This week’s Linen style postcard was published by Blankenship Distributor, 1827 Vine Street in Kansas City, Missouri. The description on the back of the card reads: Streets Hotel. 18th St at Paseo. This hotel has 60 guest rooms with private bath and telephone service. Conveniently located on the first floor are a haberdasher, a Tailor, Post Office and the famous Blue Room Cocktail Lounge and Restaurant.
The hotel was owned and operated by Reuben Street and his wife Della. The building that houses the hotel and iconic lounge was purchased by the Streets for $67,000 cash in 1947 after they leased the property for over 25 years. At the time of purchase, he announced an extensive remodeling campaign with the intent of making the hotel “the most complete hotel for Negro patrons in the country.”
The Streets Hotel was listed in the “Negro Travelers’ Green Book,” a guidebook published annually for African-Americans traveling through America during the era of Jim Crow laws. This guide indicated places that were relatively friendly to African Americans.
Street’s life reads like a Horatio Alger story,, having risen to prominence after a meager beginning. He was born on a farm on January 1,, 1876 in Nashville, Tennessee, the second of nine children born to Reverend James Street and his wife. Shortly thereafter the family migrated to a farm in what is now the Armourdale district of Kansas City, Kansas where the young Street sold fresh vegetables raised on the farm to area grocery stores and restaurants. At the age of thirteen he accepted a Porter position at hotel in McPherson, Kansas. After two years he migrated to Chicago where he was a cook in a variety of restaurants before migrating to Indianapolis, Indiana where he met his wife Ella. The couple returned to Kansas City in 1903 where the Streets opened a small restaurant near 18th and Troost. Shortly thereafter they moved to the 18th & Paseo space where they remained in business until their retirements in the late 1940’s.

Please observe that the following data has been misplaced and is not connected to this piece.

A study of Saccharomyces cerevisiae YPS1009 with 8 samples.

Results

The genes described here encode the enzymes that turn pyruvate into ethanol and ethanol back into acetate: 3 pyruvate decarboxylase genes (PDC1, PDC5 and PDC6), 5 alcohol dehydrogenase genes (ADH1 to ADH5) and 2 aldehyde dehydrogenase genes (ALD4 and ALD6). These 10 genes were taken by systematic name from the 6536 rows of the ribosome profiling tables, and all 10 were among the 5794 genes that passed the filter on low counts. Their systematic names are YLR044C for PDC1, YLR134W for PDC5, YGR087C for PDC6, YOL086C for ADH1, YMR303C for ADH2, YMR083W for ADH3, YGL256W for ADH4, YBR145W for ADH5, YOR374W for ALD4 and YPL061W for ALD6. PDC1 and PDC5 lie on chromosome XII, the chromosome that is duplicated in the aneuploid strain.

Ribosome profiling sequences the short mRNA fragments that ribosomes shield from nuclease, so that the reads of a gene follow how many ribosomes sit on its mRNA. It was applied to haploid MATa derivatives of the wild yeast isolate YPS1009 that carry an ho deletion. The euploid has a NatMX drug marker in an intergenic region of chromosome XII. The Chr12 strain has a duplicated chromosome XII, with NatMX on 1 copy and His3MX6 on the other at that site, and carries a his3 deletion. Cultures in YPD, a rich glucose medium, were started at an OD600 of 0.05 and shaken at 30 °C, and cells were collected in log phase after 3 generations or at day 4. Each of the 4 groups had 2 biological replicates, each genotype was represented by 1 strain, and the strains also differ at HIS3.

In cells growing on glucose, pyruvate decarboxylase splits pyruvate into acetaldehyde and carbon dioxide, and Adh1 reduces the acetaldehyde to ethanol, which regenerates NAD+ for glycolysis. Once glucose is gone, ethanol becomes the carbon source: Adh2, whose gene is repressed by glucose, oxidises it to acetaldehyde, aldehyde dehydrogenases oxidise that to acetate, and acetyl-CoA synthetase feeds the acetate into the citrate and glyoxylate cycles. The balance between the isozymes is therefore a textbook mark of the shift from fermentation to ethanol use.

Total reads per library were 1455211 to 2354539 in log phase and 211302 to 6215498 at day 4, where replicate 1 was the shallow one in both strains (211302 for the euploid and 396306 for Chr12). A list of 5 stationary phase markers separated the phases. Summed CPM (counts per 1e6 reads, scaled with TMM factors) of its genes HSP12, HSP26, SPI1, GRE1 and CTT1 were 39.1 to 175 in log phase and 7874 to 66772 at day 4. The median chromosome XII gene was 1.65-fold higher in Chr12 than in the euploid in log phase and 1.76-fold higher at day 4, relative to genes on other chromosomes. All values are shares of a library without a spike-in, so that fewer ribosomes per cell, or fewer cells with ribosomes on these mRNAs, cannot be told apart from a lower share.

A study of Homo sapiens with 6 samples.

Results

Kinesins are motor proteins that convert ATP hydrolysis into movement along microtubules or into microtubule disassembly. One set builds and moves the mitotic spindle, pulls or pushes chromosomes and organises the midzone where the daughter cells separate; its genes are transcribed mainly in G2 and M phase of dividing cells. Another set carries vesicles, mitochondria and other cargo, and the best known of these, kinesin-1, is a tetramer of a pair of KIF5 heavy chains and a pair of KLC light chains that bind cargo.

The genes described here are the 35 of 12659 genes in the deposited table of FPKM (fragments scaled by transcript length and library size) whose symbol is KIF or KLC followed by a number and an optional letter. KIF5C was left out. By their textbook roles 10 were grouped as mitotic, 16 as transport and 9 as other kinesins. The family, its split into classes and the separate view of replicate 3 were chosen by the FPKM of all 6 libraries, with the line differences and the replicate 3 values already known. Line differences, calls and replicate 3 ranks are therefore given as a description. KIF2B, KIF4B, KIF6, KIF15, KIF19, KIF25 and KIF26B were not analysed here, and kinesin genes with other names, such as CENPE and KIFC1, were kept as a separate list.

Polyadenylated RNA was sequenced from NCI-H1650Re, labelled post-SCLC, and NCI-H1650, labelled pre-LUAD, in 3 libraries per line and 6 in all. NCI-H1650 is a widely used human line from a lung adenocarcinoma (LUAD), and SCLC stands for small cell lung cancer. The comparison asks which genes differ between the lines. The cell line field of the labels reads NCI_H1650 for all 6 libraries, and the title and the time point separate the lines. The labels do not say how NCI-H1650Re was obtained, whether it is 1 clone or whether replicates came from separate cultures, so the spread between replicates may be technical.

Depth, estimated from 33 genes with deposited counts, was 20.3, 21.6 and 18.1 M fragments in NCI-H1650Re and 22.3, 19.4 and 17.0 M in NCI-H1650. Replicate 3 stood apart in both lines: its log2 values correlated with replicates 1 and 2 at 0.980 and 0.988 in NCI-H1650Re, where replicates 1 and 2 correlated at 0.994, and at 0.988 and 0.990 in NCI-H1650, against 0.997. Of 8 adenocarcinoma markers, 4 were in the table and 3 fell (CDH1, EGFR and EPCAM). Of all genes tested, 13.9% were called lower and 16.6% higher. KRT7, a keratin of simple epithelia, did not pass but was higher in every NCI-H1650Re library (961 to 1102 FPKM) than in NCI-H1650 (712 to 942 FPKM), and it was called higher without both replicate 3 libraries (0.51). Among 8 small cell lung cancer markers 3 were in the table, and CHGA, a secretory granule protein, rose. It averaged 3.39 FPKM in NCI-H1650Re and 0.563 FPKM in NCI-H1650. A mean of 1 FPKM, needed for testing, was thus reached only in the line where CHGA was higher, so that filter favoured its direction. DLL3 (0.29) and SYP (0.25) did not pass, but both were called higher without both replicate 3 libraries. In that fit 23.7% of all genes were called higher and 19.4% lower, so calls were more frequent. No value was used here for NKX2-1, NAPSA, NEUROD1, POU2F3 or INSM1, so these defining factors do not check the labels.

The Blue Room and the Street Hotel was a mecca for the city’s Black population and hosted many annual dinners for organizations in town including the Kansas City Public Service Company’s “Colored Division”. Street was an active businessman in the city throughout his lifetime. He was a founder of the Tri-State Bank of Memphis Tennessee and donated heavily to the War Bond drives during WWII, purchasing over $30,000 in bonds to help fund the war effort. The Streets also contributed much to the area YMCA and YWCA and other area charitable organizations.
Ella Street died in April of 1953. Shortly thereafter in 1954, Street sold the iconic hotel to Robert Williams, a local real estate investor who ultimately defaulted on the $250,000 mortgage. In 1960 the building sold at a public auction for $58,000 to a white lawyer. It was the first time the hotel’s history it was not under Black ownership.
Rueben Street survived his wife by a little over three years, passing away in August, 1956. This postcard was found in an old steamer trunk by a man named Bruce in Dallas, Texas who mailed it to the City Hall mail room in the hopes it would find a home in the Black Archives of Kansas City. During almost thirty years of postcard collecting, this is the first postcard spotlighting a black business enterprise I’ve come across. The card will be donated to the Black Archives of Kansas City following the publishing of this piece.